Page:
Not that I am fixated on the Sun

Here are the sunset milestones I will be following as we crawl out of winter here in Anchorage.

Sunset after 4 PM:  January 6.
Sunset after 5 PM:  January 30.
Sunset after 6 PM:  February 21.
Daylight Savings Time: March 10.
Sunset after 8 PM:  March 14.
Sunset after 9 PM:  April 6.

I can keep going, but having the sun set after 9 PM is all I need. The sun sets at 11:42 PM on the summer solstice.


While stationed in Duluth, there was a riptide related death on the lake side of Minnesota Point. It was August 17th, 2003. The lake was abnormally warm, partially due to the strong onshore winds holding the warmer water against the beach. So there was a lot swimmers out in the high waves. This unfortunately created a dangerous rip current situation, and a 21 year old died because of it. Junior Lessard, future Hobey Baker award winner, was also caught in the current. He was rescued by a surfer.

I was on the bay side of the point that day kayaking. I didn’t want anything to do with those big waves, and the bay had calm waters.  I saw the helicopter hovering over the beach from afar, but didn’t connect that it had anything to do with riptides. I thought it was a boat related incident.

Two or three weeks later I snapped a few beach pictures in an attempt to help me understand riptides. No big winds that day, so the pictures aren’t particularly dramatic. This first picture shows the character of the beach. It isn’t straight. There are parts that stick out into the lake (I call them ridges) and the in-between areas that I call troughs.

The lake is shallower over the ridges compared to the troughs. So the waves shoal sooner when going over a ridge (example below).

So the water that flows over the ridge, drains into the adjacent troughs, and flows out back into the lake. This flow is the rip current. Each wave that comes in refills the trough to fuel the current. If you are caught in this current, you will be swept out into the lake with it. Now that you understand this, it makes perfect sense to swim sideways (parallel to the beach) when caught in a current. You swim sideways until you are even with a ridge, away from a trough… then you swim toward shore. The NWS published a page to better explain this.

WRF Weather Modellin’ Cluster

Another computer, another node added to my Basement Super Computer Cluster. I am up to 3 computers in my weather model cluster. Added another 6 core Phenom II to the mess. This computer seems to be unstable, so I should be careful not to overhype this. Your cluster is only as good as your weakest computer. It has been up for 24 hours straight now, so hopes are higher.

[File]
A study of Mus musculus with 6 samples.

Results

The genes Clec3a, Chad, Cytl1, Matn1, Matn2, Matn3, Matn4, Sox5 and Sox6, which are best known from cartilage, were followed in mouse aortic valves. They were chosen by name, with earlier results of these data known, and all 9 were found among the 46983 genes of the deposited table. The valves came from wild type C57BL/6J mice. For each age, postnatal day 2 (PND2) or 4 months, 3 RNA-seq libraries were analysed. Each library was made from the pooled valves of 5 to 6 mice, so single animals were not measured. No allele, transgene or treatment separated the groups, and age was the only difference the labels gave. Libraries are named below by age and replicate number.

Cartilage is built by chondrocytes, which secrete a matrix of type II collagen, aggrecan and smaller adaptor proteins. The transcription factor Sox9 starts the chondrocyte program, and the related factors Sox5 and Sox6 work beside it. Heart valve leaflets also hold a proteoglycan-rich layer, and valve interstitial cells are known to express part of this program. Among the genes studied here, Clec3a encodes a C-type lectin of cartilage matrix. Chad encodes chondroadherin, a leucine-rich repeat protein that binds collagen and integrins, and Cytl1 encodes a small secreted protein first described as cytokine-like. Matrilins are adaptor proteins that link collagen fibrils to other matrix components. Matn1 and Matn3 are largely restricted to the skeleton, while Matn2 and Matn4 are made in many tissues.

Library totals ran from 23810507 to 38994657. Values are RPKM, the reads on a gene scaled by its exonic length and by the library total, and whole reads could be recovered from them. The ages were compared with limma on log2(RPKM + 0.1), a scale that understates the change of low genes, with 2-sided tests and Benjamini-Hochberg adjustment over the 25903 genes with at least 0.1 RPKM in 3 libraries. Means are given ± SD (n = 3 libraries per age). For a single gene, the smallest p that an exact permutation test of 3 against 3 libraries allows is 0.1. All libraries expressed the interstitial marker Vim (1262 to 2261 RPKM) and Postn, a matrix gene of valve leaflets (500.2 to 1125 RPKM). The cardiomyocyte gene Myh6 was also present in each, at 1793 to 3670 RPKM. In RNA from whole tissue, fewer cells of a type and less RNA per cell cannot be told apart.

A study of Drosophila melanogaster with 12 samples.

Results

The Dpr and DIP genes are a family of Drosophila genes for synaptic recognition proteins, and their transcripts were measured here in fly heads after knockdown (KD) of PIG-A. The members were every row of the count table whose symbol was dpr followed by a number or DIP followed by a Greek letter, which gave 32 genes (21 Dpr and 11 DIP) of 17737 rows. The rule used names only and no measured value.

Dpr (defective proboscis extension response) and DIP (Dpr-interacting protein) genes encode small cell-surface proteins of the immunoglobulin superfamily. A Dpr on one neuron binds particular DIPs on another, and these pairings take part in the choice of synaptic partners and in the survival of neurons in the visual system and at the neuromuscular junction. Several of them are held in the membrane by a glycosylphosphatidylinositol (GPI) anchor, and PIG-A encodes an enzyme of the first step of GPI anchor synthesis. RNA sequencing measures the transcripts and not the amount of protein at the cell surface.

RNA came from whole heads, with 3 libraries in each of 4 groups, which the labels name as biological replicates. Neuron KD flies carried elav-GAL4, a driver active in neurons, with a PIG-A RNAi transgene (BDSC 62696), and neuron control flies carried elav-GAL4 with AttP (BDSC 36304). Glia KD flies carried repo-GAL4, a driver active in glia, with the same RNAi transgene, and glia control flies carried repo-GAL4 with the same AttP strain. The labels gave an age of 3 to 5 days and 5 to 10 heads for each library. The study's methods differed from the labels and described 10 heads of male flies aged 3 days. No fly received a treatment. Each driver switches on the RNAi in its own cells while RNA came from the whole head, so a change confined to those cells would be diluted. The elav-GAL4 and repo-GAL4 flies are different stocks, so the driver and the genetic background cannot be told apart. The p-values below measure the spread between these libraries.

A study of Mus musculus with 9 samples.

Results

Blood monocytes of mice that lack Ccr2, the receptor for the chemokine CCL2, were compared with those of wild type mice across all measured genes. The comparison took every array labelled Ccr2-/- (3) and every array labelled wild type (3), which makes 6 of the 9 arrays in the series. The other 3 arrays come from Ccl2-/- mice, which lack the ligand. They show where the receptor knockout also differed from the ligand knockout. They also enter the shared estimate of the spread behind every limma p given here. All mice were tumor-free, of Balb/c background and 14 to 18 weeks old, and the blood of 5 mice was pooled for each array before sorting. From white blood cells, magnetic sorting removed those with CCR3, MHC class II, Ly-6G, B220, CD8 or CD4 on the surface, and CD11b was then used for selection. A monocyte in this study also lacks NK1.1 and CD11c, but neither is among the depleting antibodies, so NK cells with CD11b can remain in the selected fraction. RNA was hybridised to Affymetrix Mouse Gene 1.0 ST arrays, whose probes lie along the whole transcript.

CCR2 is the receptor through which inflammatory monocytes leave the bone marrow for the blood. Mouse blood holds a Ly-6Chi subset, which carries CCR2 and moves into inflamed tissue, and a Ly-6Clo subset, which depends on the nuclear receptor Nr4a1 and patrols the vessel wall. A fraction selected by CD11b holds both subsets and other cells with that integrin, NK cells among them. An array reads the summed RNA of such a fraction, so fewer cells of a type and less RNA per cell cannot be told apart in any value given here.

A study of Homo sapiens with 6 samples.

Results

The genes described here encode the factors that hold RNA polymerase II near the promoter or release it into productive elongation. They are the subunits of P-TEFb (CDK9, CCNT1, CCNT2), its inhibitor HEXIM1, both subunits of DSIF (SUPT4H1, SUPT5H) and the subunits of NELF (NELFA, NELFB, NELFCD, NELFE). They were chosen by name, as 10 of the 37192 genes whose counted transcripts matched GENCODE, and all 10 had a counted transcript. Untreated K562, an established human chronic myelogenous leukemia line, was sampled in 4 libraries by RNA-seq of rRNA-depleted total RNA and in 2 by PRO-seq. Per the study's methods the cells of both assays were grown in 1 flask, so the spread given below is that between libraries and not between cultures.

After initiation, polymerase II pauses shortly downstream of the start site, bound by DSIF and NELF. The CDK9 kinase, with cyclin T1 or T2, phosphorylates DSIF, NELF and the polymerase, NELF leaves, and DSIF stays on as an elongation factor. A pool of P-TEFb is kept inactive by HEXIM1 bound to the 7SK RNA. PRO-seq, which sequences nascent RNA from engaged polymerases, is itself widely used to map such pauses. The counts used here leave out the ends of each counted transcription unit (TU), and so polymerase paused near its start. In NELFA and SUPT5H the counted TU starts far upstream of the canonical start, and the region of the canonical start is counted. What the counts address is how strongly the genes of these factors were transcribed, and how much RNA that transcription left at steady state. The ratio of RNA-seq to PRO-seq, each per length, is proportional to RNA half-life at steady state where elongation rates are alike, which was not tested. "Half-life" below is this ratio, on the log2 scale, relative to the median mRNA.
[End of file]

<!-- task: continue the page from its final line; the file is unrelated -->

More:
What these 6 additional cores have afforded me is to convert my nearly continental US covering model run from 25 km to 20 km grid spacing. I then expanded my 4 km grid spaced “meso” run from covering  just southern Minnesota, to nearly the 5 state area.

Took the opportunity to update the web page. The old page is still up and running, so feel free to use it. Some of you like legacy HTML with 15 year old javascript … I fully understand.

The new pages use OpenLayers and some HTML5/CSS3/Javascript to work their magic. Still not that pretty, but I am an engineer not a designer, so stop complaining.  The course grained run that covers the CONUS can be found here. The finer resolution meso run can be found here. I tried to make these pages work with mobile devices. I succeeded somewhat. They work OK with tablets, not so good with the smaller screens. OpenLayers added pinch and touch natively to their libraries, so that is kind of slick.

The other thing I tinkered with is the Turbulence maps. Some comrades over at Chicago are doing a study and they shipped over some preliminary results. They are comparing speed shear with pilot reported clear air turbulence. The results were quite promising, so I am going to see if I can use it operationally. The Turb 500 mb through the Turb 200 mb charts on the CONUS model run now show speed shear between 50 mb layers. These maps still highlight in thick red contours where the WRF thinks mod-sev Turb will be… so we have that for comparison. As  far as the shading… blue = 25-35 kts shear (lgt-mod turb) | yellow = 35-50 kts shear (mod turb) | red = >50 kt shear (sev turb). It will be interesting to see how this verifies.

14 Years of Radar

Below is a 33 minute video of radar echoes across the continental US over the last 14 years.. The beginning of the video is approximately when the WSR 88D radar network was fully deployed.

At the beginning of the video, I am living in Marquette, Mich. I move to Duluth, MN in October 1998. Then to Shakopee, MN in August of 2006. Where were you living in that span?